NASA ATREX: NASA to launch 5 rockets in 5 minutes on Sunday, March 18

By on Mar 17, 2012 in Environment, Science, United States Comments

Note: NASA has just announced that the ATREX mission has been rescheduled to no earlier than the night of Tuesday, March 20, due to the high probability of unacceptable weather on March 19. A launch decision will be made Monday evening.

The National Aeronautics and Space Administration (NASA) is being set to launch 5 rockets in 5 minutes on Sunday, March 18, 2012, as part of the Anomalous Transport Rocket Experiment (ATREX) project.



NASA ATREX rockets: (from left to right) Terrier-
Improved Orion (2), Terrier-Oriole (1), and Terrier-
Improved Malemute (2)

Image Credit: NASA/Wallops

As noted at Space.com, NASA ATREX mission was originally scheduled to be launched last Wednesday but a radio system glitch on one of the unmanned rockets and was moved to Saturday due to bad weather.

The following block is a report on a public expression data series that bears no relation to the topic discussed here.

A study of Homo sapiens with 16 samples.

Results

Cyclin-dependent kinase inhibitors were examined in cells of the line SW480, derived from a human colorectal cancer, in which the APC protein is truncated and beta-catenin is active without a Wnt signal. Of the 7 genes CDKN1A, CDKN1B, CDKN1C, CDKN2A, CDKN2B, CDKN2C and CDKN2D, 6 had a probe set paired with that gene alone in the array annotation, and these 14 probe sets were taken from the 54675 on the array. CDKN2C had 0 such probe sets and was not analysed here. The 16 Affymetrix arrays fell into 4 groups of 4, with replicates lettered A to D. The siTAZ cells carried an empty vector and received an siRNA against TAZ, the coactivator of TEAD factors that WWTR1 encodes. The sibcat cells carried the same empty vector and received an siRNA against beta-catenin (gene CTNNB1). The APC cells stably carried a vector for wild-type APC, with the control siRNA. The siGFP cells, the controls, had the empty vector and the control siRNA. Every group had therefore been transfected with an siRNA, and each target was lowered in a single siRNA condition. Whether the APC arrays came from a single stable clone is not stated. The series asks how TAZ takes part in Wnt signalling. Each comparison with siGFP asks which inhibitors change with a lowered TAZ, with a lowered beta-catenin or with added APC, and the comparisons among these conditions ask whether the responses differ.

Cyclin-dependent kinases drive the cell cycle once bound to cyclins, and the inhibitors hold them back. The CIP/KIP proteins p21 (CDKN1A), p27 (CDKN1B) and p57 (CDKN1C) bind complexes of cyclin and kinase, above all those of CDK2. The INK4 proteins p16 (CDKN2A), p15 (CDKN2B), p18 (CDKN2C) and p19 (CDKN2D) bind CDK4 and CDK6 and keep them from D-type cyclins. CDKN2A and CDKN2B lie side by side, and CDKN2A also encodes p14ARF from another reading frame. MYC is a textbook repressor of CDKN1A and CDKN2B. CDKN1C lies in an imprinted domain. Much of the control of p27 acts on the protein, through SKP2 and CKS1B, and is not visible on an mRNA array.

However, NASA was forced to move again the 5-rocket, 5-minute ATREX mission launch on Sunday March 18, also due to possible bad weather being expected on Saturday, emphasizing that clear skies are required so that the data to be gathered will be reliable.

According to NASA, the rockets being used for the ATREX mission are two Terrier-Improved Orions, one Terrier-Oriole, and two Terrier-Improved Malemutes, and will gather information needed for the better understanding of the process responsible for the high-altitude jet stream.

NASA noted that the said high-altitude jet stream is located 60 to 65 miles above the surface of the Earth, from its Wallops Flight Facility in Virginia, with the rockets to release chemical tracers at about 60 miles (97 kilometers) up.

Apparently, NASA added that these visible tracers may be observed for up to 20 minutes by residents in the mid-Atlantic region, as well some parts along the East Coast, where a launch window each night will vary, and to open possibly between 11 p.m. ET and 6:30 a.m.

The NASA Visitor Center at Wallops will be open at least one hour before the opening of the daily launch window for viewing the mission by the public; with the launch to be broadcast live online can be viewed at http://sites.wff.nasa.gov/webcast and coverage will start around two hours earlier.